In the Bible, Jesus said: ‘He that is without sin among you, let him first cast a stone’ and this is the verse that has been running through my head since the Lady Diana and Martin Bashir debacle sparked. It’s a complex issue that has so many elements and considerations and it’s far from easy to point fingers in such a murky situation.
An independent inquiry by Lord Dyson, a former senior judge, found journalist Martin Bashir used deception to secure the interview and then lied to BBC managers.
Firstly, this sounds all too convenient to me. The BBC, who were first made aware of notorious peadophile Jimmy Saville’s conduct in 1973, have been accused of operating with a ‘culture of fear’ and of being ‘deeply deferential’ to him, causing them to overlook and cover Saville’s grotesque behaviour. A Google search on their controversies flags up a long catalogue of bias, scandal and lies. Now we are supposed to believe they were not complicit? That Bashir was accountable to no-one?
Blaming Bashir is a convenient stalking horse. I’m not for one moment condoning his immoral methods but to say he is responsible for the death of Lady Diana, is a reach. I believe Bashir is a corrupt pawn in a corrupt game. Of course, they’ll scapegoat him because it’s easier.
The BBC has made an ‘unconditional apology’ over the way it got an interview with Diana, Princess of Wales, more than 20 years ago, despite insisting they were unaware of Bashir’s actions.
The fall of newspaper, The News of The World, revealed that the 1990’s was entrenched in a culture where journalism was literally ‘above the law’. The Milly Dowler case revealed that the relationship between the media and politics was such that journalists felt they could do anything and frequently broke the law. Bashir was a part of this culture, not the one-off ‘rogue’ they’d rather paint him as.
The Daily Mail has been quick to run a ‘Rogue reporter & lonely princess’ line but to me this is biased journalism. I’m not a royalist, but I loved so many things about Lady Diana, including her authenticity and kindness but she was a deeply troubled woman, and she was far from naive. She was a victim of ‘The Firm’, misogyny, the media and more; but it’s not as black and white as they’d have us believe.
Yet again this week, we see Lady Diana referred to by the media as having a ‘Childlike innocence’ (The same media who paint African American Meghan Merkle as a ‘manipulative opportunist’). The truth is that Diana’s relationship with the paparazzi was sometimes self-serving. Once she realized the paparazzi weren’t going away and she had long figured out how to use them to her advantage.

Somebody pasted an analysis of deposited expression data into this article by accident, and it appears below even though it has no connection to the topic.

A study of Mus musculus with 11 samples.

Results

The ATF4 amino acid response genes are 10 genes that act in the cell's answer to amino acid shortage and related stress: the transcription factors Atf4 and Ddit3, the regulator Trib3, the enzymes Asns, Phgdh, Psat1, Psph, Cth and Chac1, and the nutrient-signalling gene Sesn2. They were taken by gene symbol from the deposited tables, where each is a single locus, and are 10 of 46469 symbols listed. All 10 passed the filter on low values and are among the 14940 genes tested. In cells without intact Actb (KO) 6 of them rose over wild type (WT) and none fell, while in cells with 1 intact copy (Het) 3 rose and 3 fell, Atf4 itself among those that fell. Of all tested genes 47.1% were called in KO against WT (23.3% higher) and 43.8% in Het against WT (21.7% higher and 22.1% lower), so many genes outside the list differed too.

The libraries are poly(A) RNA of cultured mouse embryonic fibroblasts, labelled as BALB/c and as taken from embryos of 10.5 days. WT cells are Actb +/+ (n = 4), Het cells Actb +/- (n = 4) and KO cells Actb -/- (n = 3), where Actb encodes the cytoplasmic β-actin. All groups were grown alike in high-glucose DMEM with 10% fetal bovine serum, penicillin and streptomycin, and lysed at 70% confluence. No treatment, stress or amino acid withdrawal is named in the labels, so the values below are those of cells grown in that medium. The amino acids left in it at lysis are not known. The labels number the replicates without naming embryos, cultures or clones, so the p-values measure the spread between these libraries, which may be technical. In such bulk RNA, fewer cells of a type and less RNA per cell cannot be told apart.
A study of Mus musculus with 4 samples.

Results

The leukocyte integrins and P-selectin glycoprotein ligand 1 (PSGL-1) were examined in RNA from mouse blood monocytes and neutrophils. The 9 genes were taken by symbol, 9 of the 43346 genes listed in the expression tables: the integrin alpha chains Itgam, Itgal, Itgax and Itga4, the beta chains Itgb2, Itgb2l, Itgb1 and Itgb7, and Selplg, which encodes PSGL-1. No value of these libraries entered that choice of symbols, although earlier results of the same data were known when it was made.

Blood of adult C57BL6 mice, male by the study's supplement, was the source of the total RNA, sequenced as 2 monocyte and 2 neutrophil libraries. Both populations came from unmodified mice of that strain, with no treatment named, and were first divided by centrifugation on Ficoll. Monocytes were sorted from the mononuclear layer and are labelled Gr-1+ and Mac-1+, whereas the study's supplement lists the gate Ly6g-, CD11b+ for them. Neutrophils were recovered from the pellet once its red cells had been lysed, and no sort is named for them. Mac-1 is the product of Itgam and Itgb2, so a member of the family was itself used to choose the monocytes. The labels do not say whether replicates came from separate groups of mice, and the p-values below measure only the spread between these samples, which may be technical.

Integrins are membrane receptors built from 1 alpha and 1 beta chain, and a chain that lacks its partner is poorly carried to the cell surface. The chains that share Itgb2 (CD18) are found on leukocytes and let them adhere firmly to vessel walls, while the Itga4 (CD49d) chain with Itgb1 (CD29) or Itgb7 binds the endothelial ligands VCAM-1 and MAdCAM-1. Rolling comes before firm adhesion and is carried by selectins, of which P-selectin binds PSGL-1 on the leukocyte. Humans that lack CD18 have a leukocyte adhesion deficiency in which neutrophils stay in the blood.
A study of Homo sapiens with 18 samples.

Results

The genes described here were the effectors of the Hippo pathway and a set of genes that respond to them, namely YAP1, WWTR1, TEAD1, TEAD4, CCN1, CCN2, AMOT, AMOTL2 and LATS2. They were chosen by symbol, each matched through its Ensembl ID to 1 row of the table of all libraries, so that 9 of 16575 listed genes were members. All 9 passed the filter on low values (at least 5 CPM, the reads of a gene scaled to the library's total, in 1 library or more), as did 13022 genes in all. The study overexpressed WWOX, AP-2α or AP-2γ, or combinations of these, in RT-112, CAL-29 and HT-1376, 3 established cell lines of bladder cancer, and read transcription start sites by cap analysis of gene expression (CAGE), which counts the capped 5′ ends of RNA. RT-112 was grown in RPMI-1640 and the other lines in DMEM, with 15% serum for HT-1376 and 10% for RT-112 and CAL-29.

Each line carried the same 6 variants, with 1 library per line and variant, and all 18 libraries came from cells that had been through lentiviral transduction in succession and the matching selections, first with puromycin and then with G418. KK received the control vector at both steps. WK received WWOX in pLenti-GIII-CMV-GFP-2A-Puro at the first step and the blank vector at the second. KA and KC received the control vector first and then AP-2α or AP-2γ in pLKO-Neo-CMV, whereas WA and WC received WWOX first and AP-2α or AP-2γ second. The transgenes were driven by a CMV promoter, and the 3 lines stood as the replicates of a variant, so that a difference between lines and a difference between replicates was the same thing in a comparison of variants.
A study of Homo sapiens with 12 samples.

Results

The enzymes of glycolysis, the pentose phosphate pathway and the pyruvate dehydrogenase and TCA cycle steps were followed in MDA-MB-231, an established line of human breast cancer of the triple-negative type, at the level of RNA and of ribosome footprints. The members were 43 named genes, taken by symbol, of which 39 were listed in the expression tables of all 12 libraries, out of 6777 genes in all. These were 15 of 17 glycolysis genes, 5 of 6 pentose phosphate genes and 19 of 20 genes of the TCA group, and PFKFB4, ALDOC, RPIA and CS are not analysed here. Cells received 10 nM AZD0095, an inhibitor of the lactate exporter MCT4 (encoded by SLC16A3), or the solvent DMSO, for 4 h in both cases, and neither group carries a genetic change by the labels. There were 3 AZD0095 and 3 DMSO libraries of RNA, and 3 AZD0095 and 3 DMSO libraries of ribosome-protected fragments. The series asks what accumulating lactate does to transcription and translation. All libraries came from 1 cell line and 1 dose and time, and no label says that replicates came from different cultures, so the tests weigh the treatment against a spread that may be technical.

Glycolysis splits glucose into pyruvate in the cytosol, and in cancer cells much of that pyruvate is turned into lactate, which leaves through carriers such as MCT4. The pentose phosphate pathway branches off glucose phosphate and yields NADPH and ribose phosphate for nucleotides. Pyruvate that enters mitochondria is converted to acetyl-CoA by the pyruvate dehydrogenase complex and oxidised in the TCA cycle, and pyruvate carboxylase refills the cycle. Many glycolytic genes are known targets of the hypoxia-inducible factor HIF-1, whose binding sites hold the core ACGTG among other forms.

She was fiercely intelligent and wanted to make a stand on what she’d experienced, with precision. She is even said to have selected her makeup for the interview to assist with gaining sympathy ‘her eyes, huge and moist and outlined heavily in black against her gaunt pale face, gave her the appearance of a wounded animal. It was exactly what she wanted to achieve.’ She was described as an ‘A-star pupil’ when it came to her own image management.
Labelled ‘The People’s Princess’, Diana was raised to be an aristocrat, coming from a long line of British bluebloods. Diana may have captured our hearts, but she was not the innocent victim they’d have us believe she was when she sat down with Bashir. Chances are, she was thinking as clearly as her son Harry was when he sat down with Oprah knowing exactly what he wanted to say. A record breaking 17 million people tuned in to watch him and his wife speak their truths. More than 20 million people watched Lady Diana’s interview and it successfully lifted the lid on the dark truths behind the Royal family. It wasn’t iconic because it was revelatory, it was iconic because it was the first time the public had actually seen her saying what we’d already read in the newspapers.
William wants the video of his mother’s interview removed out of his protectiveness for his mother, and I understand but when he spoke about the press, he was listened to. Harry has been demonized by the press for the same thing as they sell papers by pitting one brother against the other. The timing of this no doubt takes the scrutiny off of the Royal Family and the swirling accusations of racism and a lack of concern for mental health as all eyes are now on Martin Bashir and what he did to Diana, not them.
Modern British TV icon Caroline Flack’s suicide was put down as a result of bullying by journalists, which I’m in no doubt they were guilty of, but the fact remains Caroline had made previous suicide attempts before fame. The media may have pushed her over the edge, but we’ll never know if they were solely to blame. The point is, as much as the media try to find a villain and a hero in every story, sometimes there isn’t one, there are grey areas.
I’m aware of the power the media holds. As I happened to listen to Nick Ferrari on the radio it reminds me that he is harsher on people who disagree with him and swiftly gives less airtime to those who disagree, the radio equivalent of Piers Morgan storming off stage when challenged because he is so used to successfully manipulating and influencing opinions. I’m not targeting either of these journalists specifically, but the truth is the media set the tone of what we believe and how we perceive things.
As journalists, we need to take a look at the responsibility we have and for me, this puts the spotlight on journalism as a profession that is now seeped in corruption, power play and political bias.
Will the BBC survive? I don’t know how many more blows their brand can take before they follow the same route as The News of The World but I’ll be looking on to see just who will throw the last stone.